Sunday, May 03, 2015

On staples and little boxes

Sea lettuce. Barnacles. And eelgrass. The staple foods for my aquarium critters. Barnacles for the leafy hornmouth snail, sea lettuce for the hermits, the crabs, and the bubble shells. And eelgrass, preferably decorated with hydroids, for the hermits and snails. Anything else is a special treat, but these three are essentials.

This week, the high tide brought in a truckload of fresh, bright green sea lettuce, which pleased the bubble shells; one ate so much of it that I could see the green in his stomach right through the shell and flesh.

But though I walked a long way, just at the edge of the incoming waves, I only found one small eelgrass plant. And it was a meagre, frayed one, mostly straggly stem and browning leaves. I would have left it there, except that it was the only one available. I and the hermits would have missed a treat.

Settling it into the tank, I noticed a small patch of bryozoans on one thin blade of grass, just below the water surface. A live patch, too; I could even see, with a lens, movement on its surface.

I rarely get to see these; out of the water, they shut down instantly. Underwater, the turbidity and the depth make them into a faint blur. Too much light, and they're asleep. And the individual animals are so very tiny; millimetre-high, transparent funnels.

Encrusting bryozoan colony, Membranipora membranacea, awake and feeding.
This is a small colony, about 8 to 10 animals from edge to edge. Each individual zooid lives inside a little box; seen from above, they look like walls, but there is a top, as well. The animal lies horizontally inside, and when the situation looks right, extends its feeding funnel up into the water. At the slightest disturbance, the funnels disappear and all that can be seen are the walls.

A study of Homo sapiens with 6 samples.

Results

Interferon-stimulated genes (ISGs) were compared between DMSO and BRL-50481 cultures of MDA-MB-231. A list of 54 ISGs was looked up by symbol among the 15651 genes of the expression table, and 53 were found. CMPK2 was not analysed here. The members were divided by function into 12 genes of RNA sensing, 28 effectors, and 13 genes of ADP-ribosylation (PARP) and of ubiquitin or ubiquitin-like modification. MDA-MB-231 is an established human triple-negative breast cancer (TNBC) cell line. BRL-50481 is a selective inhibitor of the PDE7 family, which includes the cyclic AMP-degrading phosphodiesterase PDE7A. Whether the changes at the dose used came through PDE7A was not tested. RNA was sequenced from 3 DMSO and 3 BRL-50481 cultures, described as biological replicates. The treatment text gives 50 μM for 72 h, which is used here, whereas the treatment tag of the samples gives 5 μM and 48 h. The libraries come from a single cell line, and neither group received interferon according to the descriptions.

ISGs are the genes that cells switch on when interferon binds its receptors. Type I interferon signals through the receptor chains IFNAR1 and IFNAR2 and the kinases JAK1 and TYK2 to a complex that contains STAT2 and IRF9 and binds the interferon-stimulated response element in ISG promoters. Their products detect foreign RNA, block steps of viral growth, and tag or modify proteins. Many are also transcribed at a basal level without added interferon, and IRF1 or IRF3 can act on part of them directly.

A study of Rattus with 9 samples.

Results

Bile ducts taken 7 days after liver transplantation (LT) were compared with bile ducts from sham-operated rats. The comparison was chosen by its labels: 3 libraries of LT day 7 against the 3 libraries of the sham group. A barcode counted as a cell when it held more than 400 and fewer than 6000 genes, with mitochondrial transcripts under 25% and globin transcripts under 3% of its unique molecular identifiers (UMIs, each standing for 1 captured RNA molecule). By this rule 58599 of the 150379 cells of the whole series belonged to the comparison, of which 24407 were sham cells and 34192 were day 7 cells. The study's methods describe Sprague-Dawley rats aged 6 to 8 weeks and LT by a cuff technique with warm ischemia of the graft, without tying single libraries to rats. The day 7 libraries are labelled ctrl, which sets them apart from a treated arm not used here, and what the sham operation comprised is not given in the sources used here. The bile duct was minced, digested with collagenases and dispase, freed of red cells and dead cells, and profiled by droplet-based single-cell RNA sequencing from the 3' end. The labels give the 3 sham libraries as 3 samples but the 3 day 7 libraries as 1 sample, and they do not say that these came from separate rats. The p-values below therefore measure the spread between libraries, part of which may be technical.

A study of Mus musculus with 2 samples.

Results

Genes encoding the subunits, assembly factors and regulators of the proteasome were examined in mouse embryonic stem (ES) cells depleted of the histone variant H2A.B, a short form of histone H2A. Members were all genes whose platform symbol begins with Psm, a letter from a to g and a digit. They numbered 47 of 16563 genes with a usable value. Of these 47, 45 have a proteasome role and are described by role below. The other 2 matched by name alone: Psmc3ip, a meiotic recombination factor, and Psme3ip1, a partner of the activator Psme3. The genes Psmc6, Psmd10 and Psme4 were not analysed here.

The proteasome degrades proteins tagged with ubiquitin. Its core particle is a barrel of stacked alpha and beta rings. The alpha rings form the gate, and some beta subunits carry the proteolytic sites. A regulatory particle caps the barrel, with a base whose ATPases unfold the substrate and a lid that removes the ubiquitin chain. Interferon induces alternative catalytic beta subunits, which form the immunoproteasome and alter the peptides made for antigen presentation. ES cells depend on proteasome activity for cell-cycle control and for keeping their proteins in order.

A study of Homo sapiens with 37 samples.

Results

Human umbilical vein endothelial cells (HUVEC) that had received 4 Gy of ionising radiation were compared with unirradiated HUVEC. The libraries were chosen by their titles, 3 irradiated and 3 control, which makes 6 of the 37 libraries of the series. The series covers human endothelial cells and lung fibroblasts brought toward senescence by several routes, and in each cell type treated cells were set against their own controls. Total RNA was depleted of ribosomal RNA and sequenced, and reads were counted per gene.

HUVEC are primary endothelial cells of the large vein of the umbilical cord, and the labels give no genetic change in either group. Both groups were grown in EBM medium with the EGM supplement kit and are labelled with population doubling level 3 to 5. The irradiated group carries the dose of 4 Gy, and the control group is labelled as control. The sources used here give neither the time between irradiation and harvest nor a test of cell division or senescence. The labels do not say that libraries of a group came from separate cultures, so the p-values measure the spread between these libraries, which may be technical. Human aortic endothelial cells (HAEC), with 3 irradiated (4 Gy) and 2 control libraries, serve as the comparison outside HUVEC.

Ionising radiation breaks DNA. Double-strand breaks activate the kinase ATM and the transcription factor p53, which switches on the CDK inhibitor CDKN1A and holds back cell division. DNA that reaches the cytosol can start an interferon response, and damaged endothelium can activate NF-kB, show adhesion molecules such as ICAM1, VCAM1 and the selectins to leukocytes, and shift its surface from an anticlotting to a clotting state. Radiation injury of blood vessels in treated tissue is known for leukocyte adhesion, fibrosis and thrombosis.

Hydroids and anemones have stinging tentacles, to subdue their prey; these bryozoans do not, but are filter feeders like the barnacles, relying on water currents to deliver their groceries. They will eat diatoms and bacteria, as well as other planktonic swimmers, like my newly-hatched crab zoea.

The little spines at the corners of their boxes (difficult to see here, but we really need a microscope for a better view, like this one) help to make the colony an uncomfortable base for a hungry Doridella nudibranch. I found several of these a few years back, on kelp, eating bryozoans, spines or no spines. There were none on this little eelgrass; not enough prey to keep them here.


That was the beginning. I kept finding more and more interesting things on that eelgrass. Unidentified "thingies", tomorrow. And a thingie mimic.